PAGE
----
That's entertainment: the definitive Chaplin

As noted in the first "that's entertainment" post, neither a skater nor a program need be perfect in order to be entertaining or memorable. In past installments, I focused on skaters who achieved just that even if they didn't end up on the podium. Here, I'd like to make an exception, because Berezhnaya/Sikharulidze's City Lights program is just the thing to deal with off-season boredom.


While the program is referred to as City Lights, the music is taken from a different Chaplin film - Limelight. According to The Second Mark, Tamara Moskvina recognized that her skaters were getting bored and tired of training, and the program (credited to Igor Bobrin) was meant to provide them with an artistic challenge, for Sikharulidze especially.


Berezhnaya had this to say about City Lights: this program never skates the same way twice... it's impossible to skate such a thing according to a plan. You live the program each time, and as your soul flies, that's the way you skate it, according to your feeling at each moment (from The Second Mark).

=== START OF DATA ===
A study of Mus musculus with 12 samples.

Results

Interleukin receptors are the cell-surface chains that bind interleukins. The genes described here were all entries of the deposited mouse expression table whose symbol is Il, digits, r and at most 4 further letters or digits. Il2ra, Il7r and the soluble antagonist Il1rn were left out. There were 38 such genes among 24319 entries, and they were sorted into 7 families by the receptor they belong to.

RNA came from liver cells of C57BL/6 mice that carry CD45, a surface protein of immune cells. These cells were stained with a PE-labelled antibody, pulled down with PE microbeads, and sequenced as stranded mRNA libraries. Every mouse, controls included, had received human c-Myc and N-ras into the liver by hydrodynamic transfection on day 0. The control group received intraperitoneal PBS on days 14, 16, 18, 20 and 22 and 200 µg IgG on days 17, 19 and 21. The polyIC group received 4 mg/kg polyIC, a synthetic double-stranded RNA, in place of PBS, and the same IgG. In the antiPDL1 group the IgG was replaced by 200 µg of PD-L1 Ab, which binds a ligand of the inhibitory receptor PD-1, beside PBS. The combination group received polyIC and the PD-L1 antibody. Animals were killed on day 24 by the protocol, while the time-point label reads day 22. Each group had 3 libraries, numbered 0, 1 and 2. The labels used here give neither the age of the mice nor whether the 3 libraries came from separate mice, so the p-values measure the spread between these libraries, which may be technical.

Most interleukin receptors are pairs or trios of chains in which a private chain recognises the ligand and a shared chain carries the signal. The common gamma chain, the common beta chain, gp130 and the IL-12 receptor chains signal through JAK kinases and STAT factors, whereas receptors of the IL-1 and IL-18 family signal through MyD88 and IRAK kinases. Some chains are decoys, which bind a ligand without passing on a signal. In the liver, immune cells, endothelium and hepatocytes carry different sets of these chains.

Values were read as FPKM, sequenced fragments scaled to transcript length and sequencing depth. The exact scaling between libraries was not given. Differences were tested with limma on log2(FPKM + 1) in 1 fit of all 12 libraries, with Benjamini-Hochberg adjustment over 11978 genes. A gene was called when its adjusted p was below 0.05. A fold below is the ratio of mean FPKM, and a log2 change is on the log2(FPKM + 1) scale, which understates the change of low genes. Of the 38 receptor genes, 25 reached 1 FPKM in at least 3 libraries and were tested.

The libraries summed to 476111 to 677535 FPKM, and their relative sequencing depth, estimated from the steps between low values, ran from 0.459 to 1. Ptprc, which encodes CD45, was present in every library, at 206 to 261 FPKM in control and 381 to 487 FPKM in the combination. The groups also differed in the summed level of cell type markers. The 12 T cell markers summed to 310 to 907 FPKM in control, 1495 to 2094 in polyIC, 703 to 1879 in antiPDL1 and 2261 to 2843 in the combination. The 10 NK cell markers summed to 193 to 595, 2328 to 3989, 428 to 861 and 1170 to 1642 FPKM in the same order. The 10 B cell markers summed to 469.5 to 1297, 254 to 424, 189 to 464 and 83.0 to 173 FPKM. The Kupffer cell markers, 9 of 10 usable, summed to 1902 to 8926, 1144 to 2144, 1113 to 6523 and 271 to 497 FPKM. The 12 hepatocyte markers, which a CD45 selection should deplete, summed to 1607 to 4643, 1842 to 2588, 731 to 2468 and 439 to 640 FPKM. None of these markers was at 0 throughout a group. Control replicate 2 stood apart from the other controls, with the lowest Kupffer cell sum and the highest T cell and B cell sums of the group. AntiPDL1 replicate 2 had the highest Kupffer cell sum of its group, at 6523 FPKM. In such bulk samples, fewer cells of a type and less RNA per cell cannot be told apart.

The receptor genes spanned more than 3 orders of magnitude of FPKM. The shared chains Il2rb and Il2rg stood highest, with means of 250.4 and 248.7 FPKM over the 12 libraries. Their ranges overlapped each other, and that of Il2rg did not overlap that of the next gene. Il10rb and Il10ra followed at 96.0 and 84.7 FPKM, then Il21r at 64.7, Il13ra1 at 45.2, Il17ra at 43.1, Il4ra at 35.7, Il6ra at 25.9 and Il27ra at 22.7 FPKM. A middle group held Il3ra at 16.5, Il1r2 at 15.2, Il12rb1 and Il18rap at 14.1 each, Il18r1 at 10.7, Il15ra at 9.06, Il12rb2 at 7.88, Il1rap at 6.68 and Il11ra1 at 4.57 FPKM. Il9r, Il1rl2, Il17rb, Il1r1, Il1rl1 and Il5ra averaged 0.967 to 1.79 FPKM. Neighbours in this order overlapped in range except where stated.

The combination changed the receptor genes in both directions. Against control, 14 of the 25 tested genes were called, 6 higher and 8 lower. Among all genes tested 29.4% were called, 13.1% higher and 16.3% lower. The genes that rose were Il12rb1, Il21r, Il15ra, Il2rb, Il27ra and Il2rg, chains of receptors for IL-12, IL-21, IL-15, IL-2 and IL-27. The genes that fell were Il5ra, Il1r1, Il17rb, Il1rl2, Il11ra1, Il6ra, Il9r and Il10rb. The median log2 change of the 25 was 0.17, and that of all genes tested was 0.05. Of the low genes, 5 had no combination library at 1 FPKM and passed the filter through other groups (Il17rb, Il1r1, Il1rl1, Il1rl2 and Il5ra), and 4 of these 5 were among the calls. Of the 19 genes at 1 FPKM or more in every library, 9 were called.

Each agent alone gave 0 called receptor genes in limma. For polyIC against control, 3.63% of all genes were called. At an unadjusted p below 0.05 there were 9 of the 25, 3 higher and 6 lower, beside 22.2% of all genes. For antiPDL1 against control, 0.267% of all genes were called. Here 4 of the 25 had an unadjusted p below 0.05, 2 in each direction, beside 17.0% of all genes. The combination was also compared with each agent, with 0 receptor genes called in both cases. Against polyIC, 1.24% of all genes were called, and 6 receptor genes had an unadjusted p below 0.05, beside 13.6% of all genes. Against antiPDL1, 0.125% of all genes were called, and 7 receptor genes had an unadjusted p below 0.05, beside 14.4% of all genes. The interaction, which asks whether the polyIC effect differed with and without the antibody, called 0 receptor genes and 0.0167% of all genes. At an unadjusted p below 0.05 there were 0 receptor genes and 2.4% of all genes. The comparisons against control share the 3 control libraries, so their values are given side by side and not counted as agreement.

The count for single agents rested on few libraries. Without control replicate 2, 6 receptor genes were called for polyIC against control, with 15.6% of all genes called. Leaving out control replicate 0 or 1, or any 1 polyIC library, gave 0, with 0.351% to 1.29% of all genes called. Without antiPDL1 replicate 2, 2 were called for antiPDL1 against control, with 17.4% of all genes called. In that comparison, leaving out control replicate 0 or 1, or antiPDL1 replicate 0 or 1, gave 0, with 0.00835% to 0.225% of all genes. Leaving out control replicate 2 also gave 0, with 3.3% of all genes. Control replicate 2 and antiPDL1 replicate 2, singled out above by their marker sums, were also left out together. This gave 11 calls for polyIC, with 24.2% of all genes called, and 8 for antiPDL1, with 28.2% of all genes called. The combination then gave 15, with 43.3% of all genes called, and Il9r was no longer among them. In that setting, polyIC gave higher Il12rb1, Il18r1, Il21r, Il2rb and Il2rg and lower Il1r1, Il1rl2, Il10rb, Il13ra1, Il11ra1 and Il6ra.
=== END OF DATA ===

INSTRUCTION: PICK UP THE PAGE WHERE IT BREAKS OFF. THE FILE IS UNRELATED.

The judges never showed enough appreciation for this delightful program, deeming it too showy, and Sale/Pelletier ended up defeating Berezhnaya/Sikharulidze at 2001 Worlds. Moskvina drew the appropriate conclusions and decided to give the judges what they want - what Berezhnaya termed "love carrots" in The Second Mark (I am guessing that this has some meaning in Russian). I recognize the difficulty and intricacy of Meditation from Thaïs, a.k.a. the love carrots, but like the skaters themselves, I prefer Chaplin.

Chaplin programs often do skaters good; see Nobunari Oda and Péchalat/Bourzat for more recent examples.